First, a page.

Most of us are getting ready to close the 2020 and setting targets for 2021 with glimpses of hope in sight with the COVID-19 vaccinations starting as we speak. The discussion on ecosystems has been vivid over the past weeks and months, and we are extremely happy to be part of that discussion. Here comes a brief overview of what’s up:
New Ecosystems Funded
While the motivation to write about ecosystem leadership had been in the air for ages, the idea for the Ecosystem Handbook moved to action when Business Finland launched its Veturi instrument in the beginning of this year.
Approaching the end of the year, there are six new corporation led ecosystems funded. In addition to the June edition of Veturi, i.e. Nokia’s industrial 5G, Metsä’s and Fortum’s ExpandFibre renewable fibre ecosystem and Neste initiative to replace crude oil, last week brought us three new Veturis: ABB‘s initiative to develop a platform to improve energy efficiency, KONE‘s initiative to develop sustainable people flow solutions for urban environments and Sandvik‘s initiative to develop digital solutions for heavy machinery. And that’s just the Veturi ecosystem funding, in addition there are myriad of initiatives in Finland and EU levels that have been funded or calls that are open as we speak.
The notable fact about these ecosystem initiatives is that they are not just business. Instead, they all seek significant environmental or broader socio-economic impact in addition to the business benefits for the participating companies. And that’s where the power of ecosystems comes in. When problems are too big to be solved by business measures only, ecosystem way of working have potential to show their power by solving bigger problems better and faster.
Organizing for impact in the era of ecosystems
However, funding is only the beginning. As best, it can help companies to innovate together with public organizations and renew their business models and build sustainable new business. And public funding surely helps with that. For example LUXTURRIM5G is a good example of such collaboration.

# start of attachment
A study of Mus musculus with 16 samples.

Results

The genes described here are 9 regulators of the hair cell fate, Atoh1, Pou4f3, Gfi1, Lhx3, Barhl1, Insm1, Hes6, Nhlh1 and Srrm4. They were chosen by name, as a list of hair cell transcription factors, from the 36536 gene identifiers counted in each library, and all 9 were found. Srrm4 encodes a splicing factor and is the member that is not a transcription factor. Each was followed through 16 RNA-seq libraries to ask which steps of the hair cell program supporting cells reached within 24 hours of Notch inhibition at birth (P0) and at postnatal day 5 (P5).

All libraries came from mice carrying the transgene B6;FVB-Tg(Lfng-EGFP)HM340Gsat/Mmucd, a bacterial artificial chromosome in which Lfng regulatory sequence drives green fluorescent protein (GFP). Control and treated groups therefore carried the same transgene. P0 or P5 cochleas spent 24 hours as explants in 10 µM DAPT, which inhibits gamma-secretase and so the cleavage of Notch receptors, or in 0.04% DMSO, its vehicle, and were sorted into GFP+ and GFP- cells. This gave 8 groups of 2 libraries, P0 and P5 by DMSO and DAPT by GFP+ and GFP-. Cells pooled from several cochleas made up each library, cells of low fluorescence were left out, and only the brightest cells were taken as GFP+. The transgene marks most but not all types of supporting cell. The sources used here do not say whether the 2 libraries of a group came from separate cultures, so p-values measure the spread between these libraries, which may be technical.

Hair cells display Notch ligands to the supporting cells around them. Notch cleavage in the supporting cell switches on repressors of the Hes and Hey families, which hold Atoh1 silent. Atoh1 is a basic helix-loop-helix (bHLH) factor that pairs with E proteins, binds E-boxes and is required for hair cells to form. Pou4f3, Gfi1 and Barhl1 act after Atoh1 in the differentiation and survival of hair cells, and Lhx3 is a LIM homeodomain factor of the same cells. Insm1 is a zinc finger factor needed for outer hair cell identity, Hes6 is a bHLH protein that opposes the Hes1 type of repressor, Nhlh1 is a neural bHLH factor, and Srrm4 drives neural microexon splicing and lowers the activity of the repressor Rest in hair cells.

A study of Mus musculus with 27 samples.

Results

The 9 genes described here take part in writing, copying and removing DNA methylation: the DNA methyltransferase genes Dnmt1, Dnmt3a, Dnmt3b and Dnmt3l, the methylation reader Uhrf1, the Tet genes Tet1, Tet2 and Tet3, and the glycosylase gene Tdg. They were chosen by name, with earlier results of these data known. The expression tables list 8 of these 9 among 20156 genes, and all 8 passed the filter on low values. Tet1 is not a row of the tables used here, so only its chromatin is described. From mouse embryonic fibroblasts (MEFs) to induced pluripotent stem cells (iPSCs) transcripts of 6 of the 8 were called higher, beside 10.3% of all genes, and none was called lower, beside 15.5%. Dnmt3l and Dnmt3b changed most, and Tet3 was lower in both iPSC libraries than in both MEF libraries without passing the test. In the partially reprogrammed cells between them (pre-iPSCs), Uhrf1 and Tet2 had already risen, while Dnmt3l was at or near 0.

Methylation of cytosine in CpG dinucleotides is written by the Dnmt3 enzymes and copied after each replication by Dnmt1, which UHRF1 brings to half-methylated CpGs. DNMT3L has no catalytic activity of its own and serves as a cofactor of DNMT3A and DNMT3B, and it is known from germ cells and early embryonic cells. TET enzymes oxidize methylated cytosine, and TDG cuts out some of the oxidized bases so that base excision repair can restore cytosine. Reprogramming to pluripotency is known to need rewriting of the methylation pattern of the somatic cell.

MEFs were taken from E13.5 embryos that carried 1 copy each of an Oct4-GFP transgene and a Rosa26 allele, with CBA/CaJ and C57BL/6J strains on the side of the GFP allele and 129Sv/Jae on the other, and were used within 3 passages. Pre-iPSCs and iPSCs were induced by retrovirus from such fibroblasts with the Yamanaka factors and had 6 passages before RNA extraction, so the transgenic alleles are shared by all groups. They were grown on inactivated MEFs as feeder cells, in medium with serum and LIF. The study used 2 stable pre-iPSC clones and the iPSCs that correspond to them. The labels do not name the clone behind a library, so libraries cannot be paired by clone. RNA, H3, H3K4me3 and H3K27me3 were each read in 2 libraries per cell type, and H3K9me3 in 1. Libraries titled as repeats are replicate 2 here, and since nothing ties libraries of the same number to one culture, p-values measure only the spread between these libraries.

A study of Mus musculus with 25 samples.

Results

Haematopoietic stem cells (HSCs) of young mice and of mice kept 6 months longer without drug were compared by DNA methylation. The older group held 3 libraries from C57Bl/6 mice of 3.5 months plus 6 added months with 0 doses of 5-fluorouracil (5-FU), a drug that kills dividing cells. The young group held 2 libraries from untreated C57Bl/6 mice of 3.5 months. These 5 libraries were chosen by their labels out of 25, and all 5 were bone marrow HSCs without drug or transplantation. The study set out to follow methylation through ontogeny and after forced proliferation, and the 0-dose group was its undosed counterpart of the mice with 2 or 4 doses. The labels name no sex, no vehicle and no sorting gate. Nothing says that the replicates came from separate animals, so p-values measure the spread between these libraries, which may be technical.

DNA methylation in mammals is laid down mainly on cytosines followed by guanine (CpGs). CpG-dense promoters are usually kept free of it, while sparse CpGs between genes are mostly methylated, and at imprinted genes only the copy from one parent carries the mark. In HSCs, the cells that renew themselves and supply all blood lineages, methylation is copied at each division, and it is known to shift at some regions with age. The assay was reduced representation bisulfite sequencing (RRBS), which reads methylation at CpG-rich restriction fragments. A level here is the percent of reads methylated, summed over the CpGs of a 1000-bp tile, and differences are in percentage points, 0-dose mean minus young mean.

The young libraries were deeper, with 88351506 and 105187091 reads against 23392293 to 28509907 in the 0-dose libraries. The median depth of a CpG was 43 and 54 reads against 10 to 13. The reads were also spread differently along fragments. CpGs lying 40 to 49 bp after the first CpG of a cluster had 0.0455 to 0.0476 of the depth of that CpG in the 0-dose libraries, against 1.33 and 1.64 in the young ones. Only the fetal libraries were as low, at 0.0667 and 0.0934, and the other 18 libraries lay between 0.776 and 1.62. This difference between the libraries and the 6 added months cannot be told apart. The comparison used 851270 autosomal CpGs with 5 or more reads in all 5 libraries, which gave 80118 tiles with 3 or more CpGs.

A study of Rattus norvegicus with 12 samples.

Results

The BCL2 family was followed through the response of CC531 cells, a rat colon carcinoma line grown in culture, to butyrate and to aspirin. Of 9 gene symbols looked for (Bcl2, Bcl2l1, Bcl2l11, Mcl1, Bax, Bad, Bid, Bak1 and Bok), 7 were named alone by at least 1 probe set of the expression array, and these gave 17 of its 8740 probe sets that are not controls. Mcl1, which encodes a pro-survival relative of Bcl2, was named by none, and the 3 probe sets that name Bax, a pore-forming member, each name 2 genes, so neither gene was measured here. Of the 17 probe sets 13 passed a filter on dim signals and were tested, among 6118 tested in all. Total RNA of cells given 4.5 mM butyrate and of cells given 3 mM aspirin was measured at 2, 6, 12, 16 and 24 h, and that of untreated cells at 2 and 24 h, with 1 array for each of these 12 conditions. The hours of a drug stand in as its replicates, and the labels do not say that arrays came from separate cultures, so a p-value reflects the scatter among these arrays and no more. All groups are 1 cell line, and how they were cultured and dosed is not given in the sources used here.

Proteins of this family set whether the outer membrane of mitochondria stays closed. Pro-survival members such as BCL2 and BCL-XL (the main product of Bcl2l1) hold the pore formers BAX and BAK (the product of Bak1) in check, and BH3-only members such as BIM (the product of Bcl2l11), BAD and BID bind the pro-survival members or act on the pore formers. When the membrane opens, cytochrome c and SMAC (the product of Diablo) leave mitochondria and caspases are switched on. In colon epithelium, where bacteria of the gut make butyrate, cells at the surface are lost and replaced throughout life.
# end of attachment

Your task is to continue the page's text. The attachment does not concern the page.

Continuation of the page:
But the fact that ecosystems would actually develop sustainable business is not given. In every company led ecosystem initiative there is a risk of “doing things on the side” vs. doing real business. That’s why it is important to understand the following:
- Ecosystems solve problems or develop solutions – they do not sell or deliver. That means that in order to commercialize solutions and meet customer needs for Service Level Agreements (SLAs) there is a need to either agree upon an integrator model where one of the ecosystem members assumes responsibility of the solution and deals with other partners to come up with acceptable commercial agreement – or establish a new entity (JV or like) to sell the ecosystem offering.
- Start-up ecosystems based on open APIs are often more hype than impactful business. Opening up Application Development Interfaces (APIs) is not a sustainable ecosystem strategy without active partner engagement and focus on commercialization and scaling support. Having large number of developer partners on a platform that has not proven commercial viability may seem exciting at first, but without proper marketing and focus on building a joint sales channel they often remain marginal from the viewpoint of the mainstream business.
So what can be done to solve the problem? The good news is that there is a lot of action in the ecosystem arena. And even better is that we are actively documenting and sharing best practices. For example Finnish Research Institution launched their Ecosystem Guide (in Finnish) last week.
In fact, from personal point of view I find the topic interesting enough to study – and was last week accepted as a doctoral student to Turku School of Economics. The title of research is in fact the above: “Organizing for Impact in the Era of Ecosystems”. So if you want to know more about the latest and greatest related to the topic – please get in touch with me (Sari Kola). Let’s talk Ecosystem!